Mining Town Story: Carroll was named crew chief on the second day on the job | Local

RICHARD I. GIBSON for The Montana Standard

When Michael Carroll died in February 1891 at the age of 41 or 42, the Anaconda Standard called his service “the grandest funeral the camp has ever seen.” He was a friend of Marcus Daly and the superintendent of the Anaconda and St. Lawrence mines. Carroll died after a week of pneumonia.

Carroll had emigrated to the United States from his native Dublin around 1870, working first as a miner in New Jersey, but quickly moving on to wealthier prospects in the west, in Nevada, Mexico and New Mexico before settling. arriving in Walkerville around 1877. Carroll is said to have been promoted to foreman by Marcus Daly on his second day on the job at the Alice mine.

Carroll went with Daly from the Alice Mine to the Anaconda Mine, mining silver in its early days. As easy money played out in 1882, Carroll was said to have been present with Daly at level 300 when the drift was blasted which revealed the first huge vein of copper in the Anaconda, a discovery which prompted the excited exclamation of Daly from “Mike, we got it!” As Daly’s chief lieutenant, Carroll became the superintendent of the Anaconda mine.


When Marcus Daly expanded his foundry complex at Anaconda from the original Upper Works to Lower Works in 1888, Daly named the surrounding community Carroll in honor of his friend. Carroll had its own post office from 1888 to 1902, but the Old Works operation closed in 1902 when the Washoe Foundry began, and many of Carroll’s 125 houses were moved to Anaconda. The community was located near the current Anaconda landfill, about half a mile east of the Old Works Golf Course.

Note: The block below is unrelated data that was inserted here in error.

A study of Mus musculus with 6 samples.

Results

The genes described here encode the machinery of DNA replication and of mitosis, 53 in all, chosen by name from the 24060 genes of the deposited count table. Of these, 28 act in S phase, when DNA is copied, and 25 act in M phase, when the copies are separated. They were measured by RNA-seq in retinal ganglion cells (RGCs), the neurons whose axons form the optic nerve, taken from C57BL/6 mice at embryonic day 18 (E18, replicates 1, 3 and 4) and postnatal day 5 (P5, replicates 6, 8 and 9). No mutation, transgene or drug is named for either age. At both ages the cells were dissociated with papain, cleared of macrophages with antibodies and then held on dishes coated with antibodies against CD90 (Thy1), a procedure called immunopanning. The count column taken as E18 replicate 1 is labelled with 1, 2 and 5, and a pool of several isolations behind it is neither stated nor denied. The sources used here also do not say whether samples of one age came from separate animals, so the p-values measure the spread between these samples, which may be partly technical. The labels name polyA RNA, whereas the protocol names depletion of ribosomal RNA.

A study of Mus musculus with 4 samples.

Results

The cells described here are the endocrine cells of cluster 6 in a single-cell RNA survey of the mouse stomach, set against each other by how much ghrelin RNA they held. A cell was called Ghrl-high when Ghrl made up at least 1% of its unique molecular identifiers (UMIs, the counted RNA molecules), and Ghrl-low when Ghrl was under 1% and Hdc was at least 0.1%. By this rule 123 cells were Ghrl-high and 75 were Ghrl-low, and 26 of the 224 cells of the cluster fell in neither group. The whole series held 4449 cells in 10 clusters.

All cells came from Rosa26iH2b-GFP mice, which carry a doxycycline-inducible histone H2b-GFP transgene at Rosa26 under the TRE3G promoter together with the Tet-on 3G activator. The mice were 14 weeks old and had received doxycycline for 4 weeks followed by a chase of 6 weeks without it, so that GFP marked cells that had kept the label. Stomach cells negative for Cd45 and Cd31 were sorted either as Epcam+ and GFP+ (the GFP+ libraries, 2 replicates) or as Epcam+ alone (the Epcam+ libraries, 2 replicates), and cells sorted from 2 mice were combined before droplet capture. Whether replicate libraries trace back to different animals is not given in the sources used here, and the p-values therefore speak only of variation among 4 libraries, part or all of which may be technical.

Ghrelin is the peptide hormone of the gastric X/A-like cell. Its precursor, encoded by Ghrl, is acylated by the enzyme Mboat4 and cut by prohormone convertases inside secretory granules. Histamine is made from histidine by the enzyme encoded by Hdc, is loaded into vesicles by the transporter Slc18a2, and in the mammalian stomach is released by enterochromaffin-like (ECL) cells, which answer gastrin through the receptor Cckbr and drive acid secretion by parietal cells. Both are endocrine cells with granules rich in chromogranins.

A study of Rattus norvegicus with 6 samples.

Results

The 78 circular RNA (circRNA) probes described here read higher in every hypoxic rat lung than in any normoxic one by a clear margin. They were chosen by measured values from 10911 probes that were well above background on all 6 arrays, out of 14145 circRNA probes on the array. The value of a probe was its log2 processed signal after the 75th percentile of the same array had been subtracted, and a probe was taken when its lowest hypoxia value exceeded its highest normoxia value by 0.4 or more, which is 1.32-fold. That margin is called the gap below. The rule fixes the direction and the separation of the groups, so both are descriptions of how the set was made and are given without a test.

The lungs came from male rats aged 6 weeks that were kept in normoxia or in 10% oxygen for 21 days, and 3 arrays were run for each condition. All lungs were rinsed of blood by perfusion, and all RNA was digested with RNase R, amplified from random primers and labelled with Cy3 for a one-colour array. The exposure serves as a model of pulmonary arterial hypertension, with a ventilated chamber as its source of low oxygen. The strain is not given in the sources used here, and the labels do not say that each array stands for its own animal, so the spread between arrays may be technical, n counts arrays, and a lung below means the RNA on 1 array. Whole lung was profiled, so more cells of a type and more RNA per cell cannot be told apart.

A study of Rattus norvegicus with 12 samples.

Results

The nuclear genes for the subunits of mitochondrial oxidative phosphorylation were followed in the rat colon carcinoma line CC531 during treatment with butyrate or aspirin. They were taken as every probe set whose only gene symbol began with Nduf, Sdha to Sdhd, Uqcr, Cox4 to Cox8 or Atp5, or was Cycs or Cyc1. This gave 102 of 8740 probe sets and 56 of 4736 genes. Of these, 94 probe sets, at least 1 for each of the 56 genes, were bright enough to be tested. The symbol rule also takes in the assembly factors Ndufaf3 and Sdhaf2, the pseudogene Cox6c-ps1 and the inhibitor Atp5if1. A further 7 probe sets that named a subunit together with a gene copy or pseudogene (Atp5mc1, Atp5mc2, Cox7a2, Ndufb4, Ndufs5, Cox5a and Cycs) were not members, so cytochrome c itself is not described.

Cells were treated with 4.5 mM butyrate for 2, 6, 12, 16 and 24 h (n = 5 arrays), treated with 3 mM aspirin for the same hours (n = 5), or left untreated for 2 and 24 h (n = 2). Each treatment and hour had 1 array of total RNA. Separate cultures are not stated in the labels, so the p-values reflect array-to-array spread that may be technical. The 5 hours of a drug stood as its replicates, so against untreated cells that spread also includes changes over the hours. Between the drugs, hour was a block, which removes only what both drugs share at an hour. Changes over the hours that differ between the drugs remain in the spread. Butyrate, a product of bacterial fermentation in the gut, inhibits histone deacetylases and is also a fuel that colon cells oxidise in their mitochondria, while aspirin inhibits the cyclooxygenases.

Mike Carroll died on February 20, 1891. Just a month earlier, he had been appointed vice-president of a new mining subsidiary of Daly, created to operate the Snow Drift, Glengarry and Silver Lick claims north of Alice. Carroll had no relatives in Butte, but the funeral procession included 184 cars and 500 walkers, following his casket. The procession departed from the Anaconda Mine on the Anaconda Road to Wyoming, Quartz, Main, Park and Washington streets to St. Patrick’s Church. After the brief service there, a mile-long procession proceeded down Montana Street towards St. Patrick’s Cemetery, where a large monument marks Carroll’s grave.

Local geologist and historian Dick Gibson has lived in Butte since 2003 and has worked as a tour guide for various organizations and museums. He can be contacted at rigibson@earthlink.net.